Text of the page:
Someone forgot to tell Ross Stores (Nasdaq: ROST) that retail is tough these days. The California based off-price retailer made it look like times were good again, posting strong fourth-quarter results and capping off its third consecutive year of impressive growth.

Like the company's larger competitor, TJX (NYSE: TJX), which glided through the holidays, Ross showed that consumers are looking to stretch their shopping dollars. Comp sales advanced 2% for the holiday quarter. Total sales grew 3% against a 14-week quarter last year. Adjusted for the extra week, sales grew 8.6% with the help of dresses and shoes.

These sales stand in sharp contrast to those of department stores like Kohl's (NYSE: KSS) and J.C. Penney (NYSE: JCP), which struggled to entice shoppers during the holidays, posting mid-single-digit declines in comp sales.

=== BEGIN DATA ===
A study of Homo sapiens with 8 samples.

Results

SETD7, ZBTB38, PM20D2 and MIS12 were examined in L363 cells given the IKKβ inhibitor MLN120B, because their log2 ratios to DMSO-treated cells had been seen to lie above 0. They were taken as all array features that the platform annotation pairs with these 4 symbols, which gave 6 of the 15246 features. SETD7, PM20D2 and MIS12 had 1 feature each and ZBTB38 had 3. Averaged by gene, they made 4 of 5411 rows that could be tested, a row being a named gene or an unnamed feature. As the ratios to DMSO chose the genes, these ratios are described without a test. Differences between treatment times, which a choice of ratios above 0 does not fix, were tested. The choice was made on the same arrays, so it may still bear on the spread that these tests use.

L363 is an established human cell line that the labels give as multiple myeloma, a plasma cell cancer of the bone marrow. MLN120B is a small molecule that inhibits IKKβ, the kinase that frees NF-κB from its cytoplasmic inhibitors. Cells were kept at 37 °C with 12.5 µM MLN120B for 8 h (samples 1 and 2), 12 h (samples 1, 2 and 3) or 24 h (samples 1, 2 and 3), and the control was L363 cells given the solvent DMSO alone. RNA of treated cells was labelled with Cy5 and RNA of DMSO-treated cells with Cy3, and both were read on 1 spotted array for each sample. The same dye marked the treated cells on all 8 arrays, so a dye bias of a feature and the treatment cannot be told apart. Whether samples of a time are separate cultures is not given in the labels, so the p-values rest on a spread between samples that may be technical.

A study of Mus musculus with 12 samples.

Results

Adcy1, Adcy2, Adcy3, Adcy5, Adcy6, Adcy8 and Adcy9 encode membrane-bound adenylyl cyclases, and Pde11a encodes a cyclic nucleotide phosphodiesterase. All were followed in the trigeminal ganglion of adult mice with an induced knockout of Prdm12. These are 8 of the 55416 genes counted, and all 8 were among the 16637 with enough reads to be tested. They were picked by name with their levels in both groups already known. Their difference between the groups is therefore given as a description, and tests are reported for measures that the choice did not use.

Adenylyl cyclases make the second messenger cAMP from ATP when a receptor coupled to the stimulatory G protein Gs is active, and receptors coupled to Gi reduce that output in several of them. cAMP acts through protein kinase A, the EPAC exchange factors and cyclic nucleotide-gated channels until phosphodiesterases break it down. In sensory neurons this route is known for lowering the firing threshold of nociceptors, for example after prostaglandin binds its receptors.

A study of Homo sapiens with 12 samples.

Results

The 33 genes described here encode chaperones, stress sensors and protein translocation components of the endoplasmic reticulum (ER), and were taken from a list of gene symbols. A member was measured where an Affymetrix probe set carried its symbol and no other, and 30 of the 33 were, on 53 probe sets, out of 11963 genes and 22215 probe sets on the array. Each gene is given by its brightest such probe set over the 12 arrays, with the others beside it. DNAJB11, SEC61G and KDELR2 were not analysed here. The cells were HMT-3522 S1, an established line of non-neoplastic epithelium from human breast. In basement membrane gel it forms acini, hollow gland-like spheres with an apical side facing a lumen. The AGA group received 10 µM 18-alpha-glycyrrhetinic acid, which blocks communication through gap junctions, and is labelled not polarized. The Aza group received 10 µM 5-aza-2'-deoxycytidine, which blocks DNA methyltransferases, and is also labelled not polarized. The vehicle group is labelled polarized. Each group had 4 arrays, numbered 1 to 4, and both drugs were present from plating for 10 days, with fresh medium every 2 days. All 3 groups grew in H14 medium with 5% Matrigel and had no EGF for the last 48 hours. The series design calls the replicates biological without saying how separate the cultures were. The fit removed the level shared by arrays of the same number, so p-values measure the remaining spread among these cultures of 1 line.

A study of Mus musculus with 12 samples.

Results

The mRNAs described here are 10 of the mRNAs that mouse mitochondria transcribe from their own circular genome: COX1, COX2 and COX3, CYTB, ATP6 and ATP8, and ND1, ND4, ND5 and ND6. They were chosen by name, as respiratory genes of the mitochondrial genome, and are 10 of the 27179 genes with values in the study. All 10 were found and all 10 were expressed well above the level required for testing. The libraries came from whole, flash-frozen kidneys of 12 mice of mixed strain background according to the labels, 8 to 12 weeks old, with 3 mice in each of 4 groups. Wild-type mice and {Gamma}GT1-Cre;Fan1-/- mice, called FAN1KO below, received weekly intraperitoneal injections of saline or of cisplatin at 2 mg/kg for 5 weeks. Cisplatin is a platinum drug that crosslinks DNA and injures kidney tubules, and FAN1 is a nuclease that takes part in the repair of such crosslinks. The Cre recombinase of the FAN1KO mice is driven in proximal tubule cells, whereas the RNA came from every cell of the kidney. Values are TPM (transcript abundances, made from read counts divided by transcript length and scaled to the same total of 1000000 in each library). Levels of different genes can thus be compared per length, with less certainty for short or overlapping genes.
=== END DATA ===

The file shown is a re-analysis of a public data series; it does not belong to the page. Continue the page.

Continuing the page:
Ross' earnings per share of $0.70 met analyst estimates for the eighth quarter in a row, growing 6% over last year's fourth quarter. Operating margins of 9% for the quarter improved roughly 25 basis points from the prior year (adjusted for the extra week) on a slight expansion of merchandise margins.

It's easy to see why Ross was able to grow margins while most of the apparel world took big fourth-quarter markdown hits. Unlike many retailers these days, the company's inventory level ended the season exceptionally clean -- down 2.5% in total, with average in-store inventory down 9%.

Deep discounters seem like a welcome ray of sunshine in the current retail environment. Fool Alyce Lomax noted last month that Wal-Mart (NYSE: WMT) is back in its element, while bargain-hunters are making for salad days at warehouse clubs like BJ's (NYSE: BJ).

Last summer, Ross looked like it was running out of steam. But in the current consumer environment, I think those concerns are overblown: Ross enjoyed 2% comp sales growth during the quarter and 4% growth in February. As long as the company can continue to fill the pipeline with name-brand merchandise at "treasure hunt" prices, it should be solidly positioned.